Keizer man’s Air Force career lets him serve in unique ways

Staff Sgt. Brennan Hankins

When Brennen Hankins graduated from McNary he wasn’t sure what to do. 

“I didn’t really have a game plan I was just kind of trying to make my own way,” Hankins said. 

He spent a year bouncing between odd jobs in Oregon and Alaska, where his dad worked as a commercial fisherman, before deciding to pursue the U.S. Marshals Service.

For him, the military was a means to an end.  

“I spoke to a U.S. Marshals recruiter in Portland and he said that the easiest way to get into the Marshal Service was to be a veteran,” Hankins said, which is when he decided to enlist.

The minimum requirements to join the Marshals service are being at least 21 years of age and having four continuous years of a supervised job — both of which could be satisfied with a tour in the military.

Hankins went to the Salem Air Force recruitment office and signed up for seven years.

“I did my tour in the military and I kind of liked it,” he said. 

When his contract expired, Hankins re-enlisted for another four years.

“I’ve hit the minimum rank to retire, now I just got to put in the years,” Hankins said. 

He is an Air Force staff sergeant and, if he continued to work at this rank without advancing, he would be retired in 20 years.

“I’m still trying to get promoted because, you know, better job, better pay, but if I don’t promote I’ll still be able to make it to retirement,” he said. Hankins is working in the civil engineering squadron based in Montana.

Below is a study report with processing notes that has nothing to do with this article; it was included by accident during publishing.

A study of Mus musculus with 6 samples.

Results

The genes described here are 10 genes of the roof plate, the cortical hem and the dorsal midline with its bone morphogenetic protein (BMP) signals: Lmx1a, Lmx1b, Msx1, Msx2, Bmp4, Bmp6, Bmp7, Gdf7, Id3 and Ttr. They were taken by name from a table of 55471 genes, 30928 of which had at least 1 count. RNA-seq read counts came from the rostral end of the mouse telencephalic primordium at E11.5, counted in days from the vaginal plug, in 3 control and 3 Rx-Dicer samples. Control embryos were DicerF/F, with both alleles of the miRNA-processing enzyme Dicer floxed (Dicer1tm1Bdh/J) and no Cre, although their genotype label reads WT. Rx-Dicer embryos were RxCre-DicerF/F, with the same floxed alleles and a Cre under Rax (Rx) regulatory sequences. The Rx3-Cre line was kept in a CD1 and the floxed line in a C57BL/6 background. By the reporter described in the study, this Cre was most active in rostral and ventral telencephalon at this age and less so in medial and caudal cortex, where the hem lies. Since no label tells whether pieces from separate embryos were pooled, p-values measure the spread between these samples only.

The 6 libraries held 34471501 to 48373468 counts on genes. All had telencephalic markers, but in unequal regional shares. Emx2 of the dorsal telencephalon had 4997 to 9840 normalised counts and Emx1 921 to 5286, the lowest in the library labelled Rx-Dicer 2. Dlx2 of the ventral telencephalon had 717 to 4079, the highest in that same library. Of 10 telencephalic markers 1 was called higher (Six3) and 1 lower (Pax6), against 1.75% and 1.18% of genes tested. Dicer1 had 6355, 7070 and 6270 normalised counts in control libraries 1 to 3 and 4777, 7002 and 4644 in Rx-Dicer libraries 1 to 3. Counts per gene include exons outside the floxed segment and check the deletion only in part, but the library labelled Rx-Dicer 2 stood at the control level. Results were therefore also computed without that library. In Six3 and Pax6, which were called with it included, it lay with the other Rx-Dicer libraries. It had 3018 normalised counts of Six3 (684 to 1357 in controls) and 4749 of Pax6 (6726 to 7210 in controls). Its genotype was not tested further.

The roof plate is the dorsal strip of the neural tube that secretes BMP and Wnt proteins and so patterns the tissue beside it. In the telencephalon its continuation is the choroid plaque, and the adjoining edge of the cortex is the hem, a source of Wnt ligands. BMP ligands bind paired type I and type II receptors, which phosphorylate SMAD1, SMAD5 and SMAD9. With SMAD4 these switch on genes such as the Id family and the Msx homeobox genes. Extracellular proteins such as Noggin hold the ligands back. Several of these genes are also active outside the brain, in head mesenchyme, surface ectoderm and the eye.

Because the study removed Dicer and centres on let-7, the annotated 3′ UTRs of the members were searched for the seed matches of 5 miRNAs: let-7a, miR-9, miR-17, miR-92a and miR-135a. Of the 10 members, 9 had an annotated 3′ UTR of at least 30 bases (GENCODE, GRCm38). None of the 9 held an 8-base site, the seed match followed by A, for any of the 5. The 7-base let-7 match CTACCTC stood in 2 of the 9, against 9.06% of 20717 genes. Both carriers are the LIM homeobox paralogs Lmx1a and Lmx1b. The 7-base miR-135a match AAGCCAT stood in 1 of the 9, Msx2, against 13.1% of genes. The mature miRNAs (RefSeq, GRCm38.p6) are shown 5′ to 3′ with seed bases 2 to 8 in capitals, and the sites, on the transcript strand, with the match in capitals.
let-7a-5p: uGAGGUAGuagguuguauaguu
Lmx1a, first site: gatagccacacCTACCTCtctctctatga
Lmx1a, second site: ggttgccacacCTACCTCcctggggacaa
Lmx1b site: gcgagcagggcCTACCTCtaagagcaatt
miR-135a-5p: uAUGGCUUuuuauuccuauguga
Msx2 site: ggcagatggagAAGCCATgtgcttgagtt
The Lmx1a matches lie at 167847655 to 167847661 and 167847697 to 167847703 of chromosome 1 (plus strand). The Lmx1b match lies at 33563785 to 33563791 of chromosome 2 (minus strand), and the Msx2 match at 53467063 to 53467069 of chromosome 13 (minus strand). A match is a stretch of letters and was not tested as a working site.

Hankins likes the regularity of his job, and the opportunities it gives him to travel.

“I’ve been in six different countries, I’ve driven through every state west of the Mississippi with the exception of North Dakota,” he said.

One thing Hankins wish civilians knew about veterans is that they can’t all be painted with one brush.

“Not everyone in the military has seen combat, for example. I’m one of those people,” Hankins said.

There is a wide variety of jobs and duties within the military that require different sets of skills, just like in the civilian workplace. Hankins said that military jobs range from clerical work to piloting to combat and everything in between.

Hankins warned against asking veterans if they had been in combat or if they’d ever shot someone. 

“It’s a horrible question to ask,” he said. 

He said there are three types of answer to questions like those: someone who says no and then feels their role serving their country has been minimized, someone who says yes and has to deal with the unpleasant memories that are dredged up when thinking about their time in combat or, alternatively, someone ends up sounding like a braggart, which isn’t good for the perception of the person or military service as a whole. 

“None of those is a good thing,” Hankins said.

Hankins got engaged to his fiancee, Emma a couple weeks prior to talking to the Keizertimes and is contracted to serve another three years.